The Federal Reserve's recent retreat on rate hikes could face an early test Friday if job gains and wage growth, coupled with renewed progress in U.S.-China trade talks, ignites concerns of faster inflation in the world's biggest economy.
U.S. employers likely added 185,000 new workers to their payrolls last month, according to the consensus forecast for today's employment report, although estimates vary widely given the uncertain impact of the U.S. government shutdown and some of the coldest weather on record in the mid-west United States. However, average hourly wage growth, estimated at 0.3%, is likely to be a far more important focus for the markets in both the January report and subsequent Bureau of Labor Statistics updates over the near term, given Fed Chairman Jerome Powell's vow to be "patient" with future rate hikes that are more dependent on data than a pre-subscribed path.
But with the headlines jobless rate sitting at the lowest level in nearly five decades, employers around the nation indicating difficulty in filing vacant positions and blue chip companies such as Amazon
increasing their minimum pay scales, analysts are expecting a steady uptick in 2019 wage growth that could test Powell's patience on rate hikes, particularly if the U.S. economy rebounds in the second quarter off the back of a new trade deal with China.
"We are now seeing wage pressures clearly rise in the US with the annual rate of pay growth running at 3.2%. We think it will continue rising given the intense competition to find suitable workers when unemployment is at multi-decade lows," said ING economist James Knightley. "Given the increase in pay pressures we are now seeing this could help drive the annual rate of wage growth above 3.5% during the spring."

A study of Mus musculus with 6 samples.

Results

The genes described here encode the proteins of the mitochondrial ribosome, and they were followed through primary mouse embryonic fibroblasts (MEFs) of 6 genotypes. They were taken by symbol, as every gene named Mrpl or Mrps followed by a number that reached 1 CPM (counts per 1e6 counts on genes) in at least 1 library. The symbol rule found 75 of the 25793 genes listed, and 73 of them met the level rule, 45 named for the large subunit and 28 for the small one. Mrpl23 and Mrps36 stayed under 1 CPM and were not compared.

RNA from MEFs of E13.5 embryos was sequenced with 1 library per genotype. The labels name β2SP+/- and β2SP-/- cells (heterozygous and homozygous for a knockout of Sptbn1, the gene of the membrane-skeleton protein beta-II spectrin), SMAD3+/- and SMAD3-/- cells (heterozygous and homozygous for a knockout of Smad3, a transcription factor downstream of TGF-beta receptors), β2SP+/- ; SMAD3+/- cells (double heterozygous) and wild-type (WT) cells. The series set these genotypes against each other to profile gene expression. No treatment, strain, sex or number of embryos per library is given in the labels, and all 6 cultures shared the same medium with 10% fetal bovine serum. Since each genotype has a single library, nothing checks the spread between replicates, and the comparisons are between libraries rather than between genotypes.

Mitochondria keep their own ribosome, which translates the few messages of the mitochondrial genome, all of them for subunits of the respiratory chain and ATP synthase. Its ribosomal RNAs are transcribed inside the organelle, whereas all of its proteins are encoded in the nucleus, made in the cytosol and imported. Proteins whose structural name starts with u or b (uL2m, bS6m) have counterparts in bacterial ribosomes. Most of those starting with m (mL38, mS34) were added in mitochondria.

At present, interest rate markets aren't factoring in any real prospect of a rate hike this year, according to data from the CME Group's FedWatch tool, which assigns only a one-in-five chance of a move higher between now and January 2020.
Bank of American Merrill Lynch, however, notes that monthly gains of around 0.4% in average hourly earnings would put wages on track for a 4% increase over the whole of 2019, a figure that has typically triggered Fed concern for faster inflation.
That level is significant given the impact the Fed's stance on rates has had on equity markets over the past two months, with hawkish Powell comments and a December rate hike delivering S&P 500 undefined returns of -9.2%, the worst since 1931, and the Chairman's dovish January tilt flipping stocks to a 7.9% return over the first month of this year, the best since 1987.
The "greatest irony of all would be Fed ends tightening just as wage inflation accelerates," BAML noted in their "Flow Show" report Friday.
Ian Shepherdson of Pantheon Macroeconomics, however, notes that January's extra working day, when compared to December (which saw average hourly wage growth of 0.4%), and the broader trend of 0.25% monthly advances, should mean the January figure retreats to 0.2%.
"Our base case for wage growth this year remains unchanged; we expect the year-over-year rate to reach about 3.75% by the end of this year, as the premium for scarce labor increases," Shepherdson said. "This rate won't be the peak, though, unless the economy suddenly rolls over, which is unlikely. Wage growth early next year likely will breach the 4% mark, at which point the Fed, in the past, has tended to start fretting about inflation risk."